Is Gujarat’s Barwada Mosque Facing Qibla Aawal The Oldest Masjid On Earth?


SRINAGAR: Seemingly, Islam came to India much before than it is believed to have moved in with traders who sailed to coastal belts. The first mosque is presumed to have been built in India well before the Prophet migrated to Madina, the new evidence suggests.


A Masjid in Gujarat is much older than the one in Kerala that hitherto was termed to be the oldest mosque in the Indian subcontinent. Interestingly, the Gujarat mosque faces the first Qibla, Jerusalem and could be the only surviving mosque on earth.

It is called Barwada Masjid. In Gujarati, Barwada means non-locals or foreigners. The 15 x 40 ft mosque is located in the ancient port town of Ghogha. Part of Bhavnagar district, Ghogha is situated on the mid-western bank of the Gulf of Khambhat, a commercial port for centuries till Bhavnagar took its place early nineteenth century.

It is believed to have been built in the first 13 years of Islam when the Muslims prayed towards the Baitul Muqadas in Jerusalem. The Qibla shifted towards the Kaaba in Mecca in 623 AD.

So far, the Cheraman Juma mosque in Kodungallur Kerala was being seen as the oldest mosque in India that is believed to have been built around 629 AB. Basically, a Buddhist temple that was gifted to Arab traders for worship by Chera Raja Ram Warma Kulshekhar, it was rebuilt later. In 2016 when Prime Minister Narendra Modi visited Saudi Arabia, he took a gold plated replica of this mosque as a gift to his hosts. However, he did not know that the much older mosque is in his home state and possibly might be the only mosque of its type that exists on earth.

This is the Barwada mosque at Gogha believed to have been built when the Prophet of Islam had barely migrated to Madina.

The mosque managed by the Barwada Jamaat is in dilapidated condition. It has been in disuse forever as nobody thought of reconstructing it after the Qibla shift. Reports suggest that if and when there is a donor, the locals try to repair it. Recently, it has got roofing on a part that was facing the sky.

This mosque has the oldest Arabic inscriptions on its Mehraab.

Historian, Prof Mehbooba Desai who has been credited for getting this historic monument into the limelight has written that the mosque seemingly was constructed by the Arab traders before the Qibla was directed towards Mecca after February 11, 624.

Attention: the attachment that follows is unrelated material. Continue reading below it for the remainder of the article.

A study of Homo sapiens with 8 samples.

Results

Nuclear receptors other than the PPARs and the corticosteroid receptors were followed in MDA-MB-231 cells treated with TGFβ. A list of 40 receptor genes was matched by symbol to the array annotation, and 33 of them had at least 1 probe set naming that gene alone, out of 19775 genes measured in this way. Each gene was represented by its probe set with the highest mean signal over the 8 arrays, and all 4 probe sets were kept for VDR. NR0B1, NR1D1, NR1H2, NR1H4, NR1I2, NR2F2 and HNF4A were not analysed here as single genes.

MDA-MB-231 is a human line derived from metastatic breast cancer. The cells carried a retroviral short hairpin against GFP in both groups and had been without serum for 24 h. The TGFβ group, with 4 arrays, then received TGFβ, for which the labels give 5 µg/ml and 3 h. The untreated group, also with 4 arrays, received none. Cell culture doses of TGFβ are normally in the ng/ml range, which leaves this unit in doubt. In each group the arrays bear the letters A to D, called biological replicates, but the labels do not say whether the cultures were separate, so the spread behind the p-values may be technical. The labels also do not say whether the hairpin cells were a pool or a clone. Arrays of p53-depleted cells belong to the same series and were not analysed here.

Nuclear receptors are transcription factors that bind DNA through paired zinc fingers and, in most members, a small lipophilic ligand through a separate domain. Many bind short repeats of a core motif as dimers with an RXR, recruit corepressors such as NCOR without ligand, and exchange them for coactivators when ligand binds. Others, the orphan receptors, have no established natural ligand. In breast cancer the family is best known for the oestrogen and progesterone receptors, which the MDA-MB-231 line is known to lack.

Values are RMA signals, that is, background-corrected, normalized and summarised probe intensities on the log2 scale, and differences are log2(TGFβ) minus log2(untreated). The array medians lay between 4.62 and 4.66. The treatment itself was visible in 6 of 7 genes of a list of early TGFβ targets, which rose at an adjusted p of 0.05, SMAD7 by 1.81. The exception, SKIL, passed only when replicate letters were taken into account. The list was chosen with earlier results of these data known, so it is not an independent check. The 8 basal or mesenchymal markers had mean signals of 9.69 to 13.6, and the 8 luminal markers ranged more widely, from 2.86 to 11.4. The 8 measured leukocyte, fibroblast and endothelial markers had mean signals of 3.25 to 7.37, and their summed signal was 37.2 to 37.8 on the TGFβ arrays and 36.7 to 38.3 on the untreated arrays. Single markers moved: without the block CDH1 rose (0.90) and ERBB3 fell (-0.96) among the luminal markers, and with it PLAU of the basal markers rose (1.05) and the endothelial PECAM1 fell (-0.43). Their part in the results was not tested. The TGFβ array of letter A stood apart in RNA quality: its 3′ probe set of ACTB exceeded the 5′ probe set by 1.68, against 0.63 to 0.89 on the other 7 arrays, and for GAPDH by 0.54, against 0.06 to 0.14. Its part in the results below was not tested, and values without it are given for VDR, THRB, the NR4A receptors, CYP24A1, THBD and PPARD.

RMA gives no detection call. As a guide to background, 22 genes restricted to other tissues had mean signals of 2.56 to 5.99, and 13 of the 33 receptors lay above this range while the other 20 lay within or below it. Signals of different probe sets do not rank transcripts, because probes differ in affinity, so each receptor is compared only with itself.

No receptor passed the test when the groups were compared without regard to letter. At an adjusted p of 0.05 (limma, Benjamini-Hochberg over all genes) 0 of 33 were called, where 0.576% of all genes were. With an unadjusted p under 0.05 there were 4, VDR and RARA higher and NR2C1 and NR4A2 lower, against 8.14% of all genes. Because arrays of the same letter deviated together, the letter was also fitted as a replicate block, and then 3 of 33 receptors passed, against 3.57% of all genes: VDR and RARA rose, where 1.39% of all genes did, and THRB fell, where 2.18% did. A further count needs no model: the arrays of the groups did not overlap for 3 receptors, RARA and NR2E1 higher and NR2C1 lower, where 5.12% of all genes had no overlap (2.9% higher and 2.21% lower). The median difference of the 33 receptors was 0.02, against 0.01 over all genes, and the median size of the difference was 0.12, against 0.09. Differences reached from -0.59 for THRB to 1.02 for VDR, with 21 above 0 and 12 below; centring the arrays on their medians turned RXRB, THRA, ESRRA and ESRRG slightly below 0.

“It is so small that approximately 25 persons at a time can pray Namaz and this mosque is having one main gate and near the main gate, there are two graves (tombs),” Desai has written. “Stone ceiling just survived on ten to twelve pillars, and above the Kiblah that is exactly above the Mihrab, there is one dome. Inside the mosque, on both sides of Mihrab, there is beautiful carving.”

Till the early nineteenth century, Gujarat was the gateway to the Middle East. This is Mecca Gate at Khambhat and the pilgrims to Haj would use this for sea travel.

On the arch of Mihrab, Bismillah ar Rahman Nirhim is written.

“This mosque is of Allah, nobody else deserves to be worshipped” is written on the arch of the Kiblah beside a Quranic reference suggesting that for those building mosques, Allah is building a home in Jannat.

But there is a running controversy between Islamic scholars over the claim. One group insists that this mosque does not face Kabaa or the Baitul Muqadas. It is somewhere in between and is called a “between mosque”. The other one is the Hajaj Mosque in Wasit in Iraq. “The Qibla of this Ghogha mosque does not point toward Mecca nor toward Jerusalem but in between the Mecca and ancient city Petra,” goes the argument. “The Qibla line (perpendicular to Qibla wall) measures 8.5 Degree from Mecca, 9.0 Degree from Petra and 11.25 from Jerusalem.”

Another argument is that the earliest mosques lacked mihrabs and instead the whole qibla wall was used to indicate the direction of Mecca. As per the history of Islamic sculpture, the beginning of making Mihrab started somewhere in the seventh century. Before that in place of Mihrab, a wall or any symbolic stone was kept for praying Namaz. The first concave mihrab appears to have been inserted into the Masjid-e-Nabvi at Medina during some restorations carried out during the Umayyad caliphate, by around 706.

While the controversy continues, nobody is disputing the historic nature of the monument in disuse.